Wednesday, July 25, 2012

The Incorrigible Children of Ashton Place: The Unseen Guest

As you know, I am a sucker for the boarding school book.  And although these books do not take place at the Swanburne Academy for Poor Bright Females, I can't help but think on such a place as it has clearly coloured our young heroine Penelope Lumley.

In the latest installment, the Widow Ashton and her companion Admiral Faucet (pronounces Fah-say, if you please) have returned to the homestead.  The Widow to see her son Frederick, and the Admiral to woo the Widow and to launch his money making scheme of ostrich racing.  But when the pair arrive, Faucet's ostrich Bertha has escaped into the woods around the estate.  In fact, Penelope and the children come across the ostrich while on a nature hike in the woods, but no sooner do they see her than Bertha is off and running again.

Upon meeting the children, the Widow Ashton is quite taken with them, and Lady Constance who has never shown the children any affection to speak of, starts to fuss over them.  In fact, the first night of the visit, Penelope and the children are invited to dine with the family and they are regailed with the tale of Master Ashton's untimely death in a medicinal tar pit.  After dinner Frederick and the Admiral take the boys back to the study and hatch a plan to get Bertha back.  Faucet wants to catch her and Frederick wants to hunt her.  And they want to take the children due to their unique tracking abilities.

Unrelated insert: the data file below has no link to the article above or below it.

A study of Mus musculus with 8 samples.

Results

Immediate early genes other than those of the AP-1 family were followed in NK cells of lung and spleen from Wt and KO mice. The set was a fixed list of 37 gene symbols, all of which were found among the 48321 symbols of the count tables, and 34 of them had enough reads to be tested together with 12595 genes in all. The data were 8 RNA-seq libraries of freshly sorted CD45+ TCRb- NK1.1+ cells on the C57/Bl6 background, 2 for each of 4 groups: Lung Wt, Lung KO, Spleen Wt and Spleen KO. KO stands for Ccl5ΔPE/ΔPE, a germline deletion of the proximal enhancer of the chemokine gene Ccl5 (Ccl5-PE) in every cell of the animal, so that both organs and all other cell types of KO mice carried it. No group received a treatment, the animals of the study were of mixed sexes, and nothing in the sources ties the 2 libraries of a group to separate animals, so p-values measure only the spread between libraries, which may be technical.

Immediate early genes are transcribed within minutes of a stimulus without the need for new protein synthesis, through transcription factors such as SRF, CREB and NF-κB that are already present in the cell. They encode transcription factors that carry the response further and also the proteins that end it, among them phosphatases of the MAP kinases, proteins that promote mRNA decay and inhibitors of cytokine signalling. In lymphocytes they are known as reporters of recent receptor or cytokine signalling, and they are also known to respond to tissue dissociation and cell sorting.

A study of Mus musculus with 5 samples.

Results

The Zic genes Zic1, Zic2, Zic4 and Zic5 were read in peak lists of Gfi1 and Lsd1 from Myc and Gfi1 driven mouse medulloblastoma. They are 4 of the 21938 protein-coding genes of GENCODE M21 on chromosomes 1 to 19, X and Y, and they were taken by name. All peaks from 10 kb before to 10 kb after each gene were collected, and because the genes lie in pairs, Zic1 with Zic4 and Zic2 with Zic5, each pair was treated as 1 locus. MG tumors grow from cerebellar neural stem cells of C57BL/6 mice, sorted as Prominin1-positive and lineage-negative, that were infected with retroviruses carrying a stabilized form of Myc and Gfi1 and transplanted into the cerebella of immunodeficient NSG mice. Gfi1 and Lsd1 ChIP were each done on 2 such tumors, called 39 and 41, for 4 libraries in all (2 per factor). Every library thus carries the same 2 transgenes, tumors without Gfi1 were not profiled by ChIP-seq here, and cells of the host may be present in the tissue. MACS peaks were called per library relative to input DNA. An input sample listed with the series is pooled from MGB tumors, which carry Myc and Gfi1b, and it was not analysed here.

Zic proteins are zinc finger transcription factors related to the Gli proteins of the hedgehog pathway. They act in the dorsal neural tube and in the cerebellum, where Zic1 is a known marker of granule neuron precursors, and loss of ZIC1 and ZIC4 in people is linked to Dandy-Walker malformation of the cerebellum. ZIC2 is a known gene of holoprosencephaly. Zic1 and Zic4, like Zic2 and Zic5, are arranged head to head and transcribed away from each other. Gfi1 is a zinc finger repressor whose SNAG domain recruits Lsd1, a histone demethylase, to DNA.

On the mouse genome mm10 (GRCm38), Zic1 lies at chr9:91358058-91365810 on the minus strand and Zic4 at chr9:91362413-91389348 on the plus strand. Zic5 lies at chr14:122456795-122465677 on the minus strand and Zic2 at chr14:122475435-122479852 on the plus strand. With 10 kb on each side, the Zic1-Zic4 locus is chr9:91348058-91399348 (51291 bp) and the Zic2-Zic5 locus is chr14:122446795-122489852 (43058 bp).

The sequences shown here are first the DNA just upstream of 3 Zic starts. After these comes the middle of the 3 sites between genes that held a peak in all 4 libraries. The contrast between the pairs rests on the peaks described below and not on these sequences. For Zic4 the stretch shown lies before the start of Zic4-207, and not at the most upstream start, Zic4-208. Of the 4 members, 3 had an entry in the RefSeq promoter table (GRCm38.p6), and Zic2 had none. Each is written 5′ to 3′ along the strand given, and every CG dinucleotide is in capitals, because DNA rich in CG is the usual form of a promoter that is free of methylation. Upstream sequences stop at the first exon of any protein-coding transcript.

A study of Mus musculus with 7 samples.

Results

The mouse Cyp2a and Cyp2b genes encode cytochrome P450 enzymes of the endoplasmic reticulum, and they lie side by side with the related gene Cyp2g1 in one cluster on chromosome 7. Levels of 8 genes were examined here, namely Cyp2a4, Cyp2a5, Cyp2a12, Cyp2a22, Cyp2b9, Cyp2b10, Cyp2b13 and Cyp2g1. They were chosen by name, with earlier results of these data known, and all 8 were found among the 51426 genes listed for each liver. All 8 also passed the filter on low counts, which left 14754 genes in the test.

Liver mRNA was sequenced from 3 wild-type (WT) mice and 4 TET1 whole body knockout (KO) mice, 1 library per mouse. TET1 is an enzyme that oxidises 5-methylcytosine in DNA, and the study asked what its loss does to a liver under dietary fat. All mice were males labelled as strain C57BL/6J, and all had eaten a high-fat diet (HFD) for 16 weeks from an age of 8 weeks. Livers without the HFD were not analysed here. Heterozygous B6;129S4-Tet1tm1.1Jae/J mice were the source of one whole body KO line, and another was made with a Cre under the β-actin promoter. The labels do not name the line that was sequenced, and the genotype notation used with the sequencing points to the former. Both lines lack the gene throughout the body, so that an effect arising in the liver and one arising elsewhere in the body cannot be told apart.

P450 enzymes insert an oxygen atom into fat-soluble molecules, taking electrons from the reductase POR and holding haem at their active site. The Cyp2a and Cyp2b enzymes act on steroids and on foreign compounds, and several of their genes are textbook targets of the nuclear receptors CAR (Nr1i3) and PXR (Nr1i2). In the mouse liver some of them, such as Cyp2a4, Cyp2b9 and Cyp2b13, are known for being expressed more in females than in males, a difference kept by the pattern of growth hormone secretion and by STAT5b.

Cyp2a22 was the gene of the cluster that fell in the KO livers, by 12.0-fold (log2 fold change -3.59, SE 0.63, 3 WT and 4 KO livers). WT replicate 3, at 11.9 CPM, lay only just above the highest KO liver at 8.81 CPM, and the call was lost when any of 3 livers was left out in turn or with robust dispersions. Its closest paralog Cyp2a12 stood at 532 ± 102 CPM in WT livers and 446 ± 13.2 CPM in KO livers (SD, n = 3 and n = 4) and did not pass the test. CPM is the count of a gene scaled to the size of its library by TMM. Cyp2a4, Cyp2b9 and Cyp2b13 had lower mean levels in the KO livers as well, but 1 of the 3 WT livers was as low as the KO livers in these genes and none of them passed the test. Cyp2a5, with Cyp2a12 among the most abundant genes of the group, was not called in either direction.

Penelope won't let the go without her and Cassiopeia, and since she is worried about Frederick's abissmal eyesight, she conspires with Faucet to have the expedition take place on the full moon when she knows full well that Frederick will be suffering from his "moon sickness".

What follows is an adventure that only Penelope could get into with the Incorrigibles.  Honestly, not as much happens in this installment as I was expecting.  There are of course the elements of the Swanburne education with the exploration of philosophers like Thomas Hobbes and Jean-Jacques Rousseau, synonyms, and prognostics.  There are also dappled mysteries like the sandwiches in the cave, and the identity of "Judge Quinzy".  But it seems that the biggest thing that is happening in The Unseen Guest is Penelope's own growth.  Why, for example, is she not finding the comfort she used to in the pony books of her childhood, and why does she yearn for adventure instead of comfort?

Overall, fans of the series will eat this one up.  I do hope, however, that the next adventure brings us closer to the reveal of not only the moon sickness, but of the identity of Quinzy as well!

2 comments:

Ms. Yingling said...

These are methadone for Snicket addicts as well. I liked them more than I thought I would. I'm with you-- I'd rather see Penelope at her boarding school. A prequel, perhaps?

Stacy Dillon said...

Nicely put, Ms. Yingling! And a prequel would be perfection!